This is the fourth part of a full Pecha Kucha talk, given November 22, 2012. Read part 1 here, part 2 here and part 3 here.
In 1993 my folks and I moved to Winnipeg, where I was introduced to Donna Lee. I am absolutely certain that I fell in love with her the moment I set eyes on her. And so I married her before someone else beat me to it. It’s very cool to know that wherever I go from here, it will be with her.
She is my heart.
Some nights she’ll fall asleep with her head on my chest, and it makes me feel like Superman, or Brad Pitt, or Han Solo or something.
As romantic as that sounds, the truth is nobody prepares you for life together. Getting to know each other is one thing–the challenges you’ll face, the decisions you’ll make together is another thing altogether.
There’s a song I listen to that describes marriage as “dancing in the minefields”, and I think it captures marriage for what it really is. It’s awesome, it’s scary, and it’s risky. Don’t let anyone tell you that marriage isn’t dangerous. Especially once the kids come along.
Speaking of kids, these are mine.
Seriously, what is it about becoming a parent that messes you up so much? They mess with your emotions. I cry at the movies, I cry during commercials. I can’t even make it through an episode of “Parenthood” without shedding tears.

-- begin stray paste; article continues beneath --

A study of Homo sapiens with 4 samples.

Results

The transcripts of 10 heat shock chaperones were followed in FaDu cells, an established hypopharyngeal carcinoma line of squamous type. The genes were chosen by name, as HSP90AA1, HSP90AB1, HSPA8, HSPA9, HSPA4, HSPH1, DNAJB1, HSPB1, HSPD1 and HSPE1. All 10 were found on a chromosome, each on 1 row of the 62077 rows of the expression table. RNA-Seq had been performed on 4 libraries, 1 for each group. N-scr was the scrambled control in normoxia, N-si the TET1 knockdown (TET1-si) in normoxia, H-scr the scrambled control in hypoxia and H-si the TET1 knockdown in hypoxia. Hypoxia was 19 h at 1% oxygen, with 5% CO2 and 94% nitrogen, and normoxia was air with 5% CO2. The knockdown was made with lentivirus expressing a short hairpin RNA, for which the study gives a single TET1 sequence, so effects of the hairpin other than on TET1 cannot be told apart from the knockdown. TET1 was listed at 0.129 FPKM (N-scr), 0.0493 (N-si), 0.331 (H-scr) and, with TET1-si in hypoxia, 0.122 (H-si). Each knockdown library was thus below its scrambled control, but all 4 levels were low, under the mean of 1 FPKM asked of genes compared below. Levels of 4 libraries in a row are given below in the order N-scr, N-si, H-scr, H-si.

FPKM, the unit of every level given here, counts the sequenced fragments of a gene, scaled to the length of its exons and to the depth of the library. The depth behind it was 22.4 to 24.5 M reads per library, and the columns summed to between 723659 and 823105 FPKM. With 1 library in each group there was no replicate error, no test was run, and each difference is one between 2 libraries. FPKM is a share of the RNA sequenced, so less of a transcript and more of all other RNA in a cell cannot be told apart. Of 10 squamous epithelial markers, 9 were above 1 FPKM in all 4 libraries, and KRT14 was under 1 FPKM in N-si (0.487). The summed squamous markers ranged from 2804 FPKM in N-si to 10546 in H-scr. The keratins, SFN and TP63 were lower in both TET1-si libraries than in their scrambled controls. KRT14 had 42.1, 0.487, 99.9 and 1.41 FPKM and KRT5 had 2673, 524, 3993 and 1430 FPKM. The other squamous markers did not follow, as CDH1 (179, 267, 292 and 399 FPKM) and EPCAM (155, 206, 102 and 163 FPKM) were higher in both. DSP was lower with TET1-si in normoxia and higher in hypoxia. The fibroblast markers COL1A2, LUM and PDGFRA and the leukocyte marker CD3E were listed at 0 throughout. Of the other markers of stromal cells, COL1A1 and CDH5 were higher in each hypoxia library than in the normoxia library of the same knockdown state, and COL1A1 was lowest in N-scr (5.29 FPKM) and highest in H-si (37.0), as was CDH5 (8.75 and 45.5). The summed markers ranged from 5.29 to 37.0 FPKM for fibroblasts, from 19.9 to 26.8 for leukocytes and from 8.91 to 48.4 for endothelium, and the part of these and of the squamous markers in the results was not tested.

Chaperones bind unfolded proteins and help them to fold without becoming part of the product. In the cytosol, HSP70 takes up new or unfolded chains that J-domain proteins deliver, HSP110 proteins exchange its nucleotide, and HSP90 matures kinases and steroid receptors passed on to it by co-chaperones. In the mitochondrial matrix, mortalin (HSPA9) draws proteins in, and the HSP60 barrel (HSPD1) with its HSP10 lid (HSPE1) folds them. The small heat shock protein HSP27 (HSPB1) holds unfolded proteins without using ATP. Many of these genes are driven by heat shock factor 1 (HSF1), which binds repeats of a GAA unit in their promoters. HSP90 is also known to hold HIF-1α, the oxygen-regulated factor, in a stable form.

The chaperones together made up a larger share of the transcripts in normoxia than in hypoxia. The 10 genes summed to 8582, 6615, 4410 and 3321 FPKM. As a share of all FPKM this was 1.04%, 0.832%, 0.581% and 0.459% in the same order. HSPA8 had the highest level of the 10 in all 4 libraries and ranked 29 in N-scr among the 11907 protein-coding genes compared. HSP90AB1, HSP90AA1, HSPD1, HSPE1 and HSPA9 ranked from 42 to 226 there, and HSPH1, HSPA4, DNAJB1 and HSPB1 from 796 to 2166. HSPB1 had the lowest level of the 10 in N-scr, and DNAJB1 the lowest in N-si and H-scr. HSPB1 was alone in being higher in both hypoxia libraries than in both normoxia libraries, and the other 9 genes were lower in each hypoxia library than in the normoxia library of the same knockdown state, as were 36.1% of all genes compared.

I cry for my kids, I cry with my kids. Sometimes in sadness, but just as often in times of joy.
I watch them learn and play and am amazed by how much I love them.
I love them, I love them, I love them. This simply cannot be overstated.
Sometimes I see glimpses of my parents in them, or I’ll recognize my sister in Claire’s expression. Other times I see their mother in them. And I’m reminded why I love them.
No family would be complete without a 112 lb dog, so we bought an English Mastiff.
Ginnee is a gentle giant who has more patience with our children than I could possibly dream to have. My son is especially fond of her and to see the way he interacts with her is just amazing. I have much to learn from both of them.
So that’s my family. All five of us under one roof (for now). This would be a great place to press pause – a great place to stop and count my blessings.